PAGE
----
Friday, September 17, 2010

God Save Dynamic Stabilization, Is This Technology on Life Support?

The Sex Pistols once wrote a song entitled, God Save The Queen. By the looks of the latest news, we can rename it God Save The Dynamic Stabilization Market. Based on the latest news release it seems that Applied Spine has retained Gerbsman Partners to solicit interest for the acquisition of all, or substantially all of AST's assets. A private based company with origins in New Haven, Connecticut, AST was going to set the standard for dynamic stabilization. The company had been financed with $47 million over three venture rounds. Just like General Custard at the Battle of Little Bighorn , AST views itself as the "last man standing."

Considering that AST has no fusion labeling and no 510(k) it views itself as the first to market with this device in the United States. Hopefully the investors at Oxford, Bioventures, Interwest, DeNovo, Growth Capital and MB Ventures have all learned a lesson about rolling the dice on a technology that had greater odds than Seabiscuit. Just like Seabiscuit, the Stabilimaxx is tired and sore. If anyone is interested in buying this technology and continuing to develop it, it will take a Tom Smith like trainer to reign in the lack of continuity that this company has experienced. From the beginning, this company was doomed. Tom Woods as CEO, the legendary JP Timms as its VP of R&D. Craig Corrance was hired to do whatever it is that he does to get this to the market. Unfortunately, all other so called dynamic stabilization devices are caught under the FDA's 522 order, which gives the FDA the authority to require a manufacturer to conduct post-market surveillance of a Class II or Class III device that meets their criteria.

In addition to all of these challenges, AST has had to deal with a few failures which originally surfaced during the 2008 NASS meeting in Toronto. Maybe the VC's need to learn to talk to some of the real people in the trenches in this industry. The financial analysts and soothsayers that have permeated this industry have done more harm than good. As far back as 2006, there were engineers that had looked at this product that said, "Panjabi or No Panjabi, this product is never going to get to the market." Looks like Gerbsman and Partners is looking for someone to buy the scalp of AST. Is the Dynamic Stabilization Market dead in the water? TSB wants to know what our readers think?

22 comments:

  1. From the street: If you put lipstick on a pig it’s still a pig--- no matter where Jens ends up. Just sayin’.

    http://www.dailyfinance.com/company/alphatec-holdings-inc/atec/nas/key-executives



    Second, on a clinical level, one challenge the dynamic stabilization market faces, is an unclarity of exactly what to use the technology for. AST is advocating for Lumbar Spinal Stenosis, while Dynesis is for patients " with acute and chronic instabilities caused by degenerative changes in the intervertebral discs." (i.e. DDD) This unclarity isn't exactly in the surgeons' own minds, they know what they want to do with it. But it's an unclear diagnosis for the purposes of research study and communication to the outside world of exactly what it is, what it's for, and how it works. This makes acceptance of its role by skeptical surgeons, and by outsiders, such as the aforementioned payers, a difficult challenge.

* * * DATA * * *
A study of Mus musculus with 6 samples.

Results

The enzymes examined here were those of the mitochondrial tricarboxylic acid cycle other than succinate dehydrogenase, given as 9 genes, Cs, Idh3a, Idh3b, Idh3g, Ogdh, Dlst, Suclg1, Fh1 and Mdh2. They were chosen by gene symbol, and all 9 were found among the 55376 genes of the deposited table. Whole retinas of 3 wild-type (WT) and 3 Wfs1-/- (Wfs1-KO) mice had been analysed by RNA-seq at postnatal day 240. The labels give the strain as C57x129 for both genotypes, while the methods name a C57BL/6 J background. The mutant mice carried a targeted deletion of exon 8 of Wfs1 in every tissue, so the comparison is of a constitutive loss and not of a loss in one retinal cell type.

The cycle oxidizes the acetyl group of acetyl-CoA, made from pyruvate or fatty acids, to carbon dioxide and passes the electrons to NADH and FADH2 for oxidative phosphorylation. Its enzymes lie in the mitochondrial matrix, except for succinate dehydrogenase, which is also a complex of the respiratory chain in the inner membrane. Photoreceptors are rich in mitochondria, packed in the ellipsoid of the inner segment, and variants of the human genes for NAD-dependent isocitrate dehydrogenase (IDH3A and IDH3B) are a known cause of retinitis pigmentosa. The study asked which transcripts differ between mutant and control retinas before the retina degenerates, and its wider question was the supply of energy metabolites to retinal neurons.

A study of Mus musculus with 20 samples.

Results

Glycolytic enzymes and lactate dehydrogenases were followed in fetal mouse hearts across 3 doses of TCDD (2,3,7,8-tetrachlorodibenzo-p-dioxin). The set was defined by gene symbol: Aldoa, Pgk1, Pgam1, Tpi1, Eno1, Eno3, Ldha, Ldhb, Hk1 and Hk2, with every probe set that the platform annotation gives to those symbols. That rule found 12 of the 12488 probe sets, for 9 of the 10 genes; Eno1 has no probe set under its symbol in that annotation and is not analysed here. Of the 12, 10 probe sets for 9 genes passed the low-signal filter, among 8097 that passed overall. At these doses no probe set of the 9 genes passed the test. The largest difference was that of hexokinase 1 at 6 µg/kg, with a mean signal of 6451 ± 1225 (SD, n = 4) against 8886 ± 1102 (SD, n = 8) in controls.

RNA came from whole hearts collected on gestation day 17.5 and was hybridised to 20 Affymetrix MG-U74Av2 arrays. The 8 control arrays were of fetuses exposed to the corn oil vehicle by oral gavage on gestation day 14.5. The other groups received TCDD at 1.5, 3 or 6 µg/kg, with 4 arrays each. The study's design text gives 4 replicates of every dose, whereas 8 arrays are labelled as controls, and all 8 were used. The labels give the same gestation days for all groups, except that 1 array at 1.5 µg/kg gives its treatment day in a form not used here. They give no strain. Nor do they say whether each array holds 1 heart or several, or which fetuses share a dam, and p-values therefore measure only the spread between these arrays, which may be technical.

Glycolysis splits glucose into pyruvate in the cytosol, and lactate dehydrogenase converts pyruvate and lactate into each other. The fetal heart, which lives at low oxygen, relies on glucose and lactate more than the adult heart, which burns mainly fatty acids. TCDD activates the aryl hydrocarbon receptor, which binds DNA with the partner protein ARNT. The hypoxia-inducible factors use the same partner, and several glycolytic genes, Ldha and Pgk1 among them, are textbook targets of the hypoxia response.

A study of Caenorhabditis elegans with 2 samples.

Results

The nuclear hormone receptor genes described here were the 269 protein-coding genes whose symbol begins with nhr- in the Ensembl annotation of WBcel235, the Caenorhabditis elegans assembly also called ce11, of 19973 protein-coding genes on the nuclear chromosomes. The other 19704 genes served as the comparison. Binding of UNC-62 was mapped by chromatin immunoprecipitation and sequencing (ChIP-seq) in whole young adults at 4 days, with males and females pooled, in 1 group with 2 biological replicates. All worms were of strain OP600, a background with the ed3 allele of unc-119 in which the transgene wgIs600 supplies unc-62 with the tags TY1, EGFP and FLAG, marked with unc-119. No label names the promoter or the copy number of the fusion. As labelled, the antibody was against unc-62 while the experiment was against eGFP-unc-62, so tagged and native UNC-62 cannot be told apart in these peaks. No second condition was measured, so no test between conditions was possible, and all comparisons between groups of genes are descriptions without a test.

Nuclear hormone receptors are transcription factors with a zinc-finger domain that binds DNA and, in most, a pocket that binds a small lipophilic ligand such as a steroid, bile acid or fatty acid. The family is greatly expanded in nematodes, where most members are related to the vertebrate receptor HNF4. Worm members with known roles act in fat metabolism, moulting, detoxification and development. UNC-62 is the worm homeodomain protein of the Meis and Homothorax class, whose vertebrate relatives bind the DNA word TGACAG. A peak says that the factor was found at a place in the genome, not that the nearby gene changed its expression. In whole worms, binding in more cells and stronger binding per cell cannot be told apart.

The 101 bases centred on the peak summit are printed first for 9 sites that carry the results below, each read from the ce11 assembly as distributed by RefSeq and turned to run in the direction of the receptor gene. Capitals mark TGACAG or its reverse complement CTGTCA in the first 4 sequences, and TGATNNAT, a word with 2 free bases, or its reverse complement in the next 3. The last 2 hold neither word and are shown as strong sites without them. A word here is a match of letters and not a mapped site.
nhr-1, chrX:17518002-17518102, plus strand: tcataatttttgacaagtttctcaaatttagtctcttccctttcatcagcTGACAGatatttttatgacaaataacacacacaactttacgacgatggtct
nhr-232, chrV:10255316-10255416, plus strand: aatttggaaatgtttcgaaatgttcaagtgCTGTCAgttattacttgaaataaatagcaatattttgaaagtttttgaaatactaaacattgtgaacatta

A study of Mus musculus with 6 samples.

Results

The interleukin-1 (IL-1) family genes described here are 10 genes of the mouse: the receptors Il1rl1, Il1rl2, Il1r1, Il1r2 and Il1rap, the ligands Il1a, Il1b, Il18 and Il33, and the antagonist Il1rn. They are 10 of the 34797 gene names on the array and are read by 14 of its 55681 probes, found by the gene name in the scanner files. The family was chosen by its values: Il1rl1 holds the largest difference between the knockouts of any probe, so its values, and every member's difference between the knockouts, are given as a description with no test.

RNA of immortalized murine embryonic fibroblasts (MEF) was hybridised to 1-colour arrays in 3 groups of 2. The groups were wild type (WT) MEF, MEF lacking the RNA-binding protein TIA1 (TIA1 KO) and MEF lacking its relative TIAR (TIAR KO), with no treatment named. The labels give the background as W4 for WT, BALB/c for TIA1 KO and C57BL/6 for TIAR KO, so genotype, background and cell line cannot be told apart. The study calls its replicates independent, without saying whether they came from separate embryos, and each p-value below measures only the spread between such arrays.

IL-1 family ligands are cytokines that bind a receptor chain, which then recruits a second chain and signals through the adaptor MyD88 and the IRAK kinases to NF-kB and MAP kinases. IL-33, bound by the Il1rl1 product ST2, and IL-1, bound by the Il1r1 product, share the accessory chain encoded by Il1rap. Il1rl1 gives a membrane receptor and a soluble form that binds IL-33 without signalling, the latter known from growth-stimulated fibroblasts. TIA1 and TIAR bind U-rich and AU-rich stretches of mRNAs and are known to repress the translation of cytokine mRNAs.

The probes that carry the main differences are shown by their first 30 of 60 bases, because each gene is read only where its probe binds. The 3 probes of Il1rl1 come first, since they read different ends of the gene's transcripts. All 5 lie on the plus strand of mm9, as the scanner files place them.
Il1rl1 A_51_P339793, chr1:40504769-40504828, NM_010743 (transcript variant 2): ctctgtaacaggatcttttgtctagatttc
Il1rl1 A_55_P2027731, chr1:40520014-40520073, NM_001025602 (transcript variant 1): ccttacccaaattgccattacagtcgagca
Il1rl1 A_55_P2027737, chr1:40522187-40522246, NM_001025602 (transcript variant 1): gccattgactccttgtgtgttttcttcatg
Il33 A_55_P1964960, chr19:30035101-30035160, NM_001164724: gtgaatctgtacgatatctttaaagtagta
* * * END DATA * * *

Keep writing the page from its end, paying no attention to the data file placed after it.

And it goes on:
Just a bad time to come to market in this newly cost conscous, hyper critical and overscrutinized arena.


    Is that the bastard offspring of Colonel Mustard from CLUE and General Custer of Little Big Horn Fame?

    :)




    Another one the FDA flat out failed on, and as a result there are people out there walking around with ticking timebombs in thier back.


    We gotta plug and think, we gotta feed it right
    There ain't no danger we can go too far
    We start believing now that we can be who we are

    Grease is the word

    They think our love is just a growing pain
    Why don't they understand? It's just a crying shame.
    Their lips are lying, only real is real
    We start to find right now we got to be what we feel

    Grease is the word
    It's got groove, it's got meaning
    Grease is the time, is the place, is the motion
    Grease is the way we are feeling

    We take the pressure and we throw away
    Conventionality belongs to yesterday
    There is a chance that we can make it so far
    We start believing now that we can be who we are

    Grease is the word
    It's got groove it's got meaning
    Grease is the time, is the place, is the motion
    Grease is the way we are feeling

    This is a life of illusion
    Wrapped up in trouble laced with confusion
    What are we doing here?


    JP Timms = arrogant punk who drove AST into the gutter while the market was still hot for this ridiculous technology.

    Remember all the awards AST and JP won at Robin's shindig last year? Oh, that's right, JP went to ATEC and Robin was pumping up that dog stock.


    http://www.appliedspine.com/Press-Room/2009/11/applied-spine-technologies-stabilimax.asp




    An external corset is a form of dynamic stabilization. Perhaps we can some day come up with an internal form of dynamic stabilization. We have not yet successed but the concept is not inherently flawed in my opinion.




    siatica releived , BUT nothing but low and mid back pain since.
    Can't get a straight answer out of my doctor and am out of work now with no chance of future income in site because of the pain.
    Now they are selling the company, to get out of the responsability of it all. Im getting a lawyer.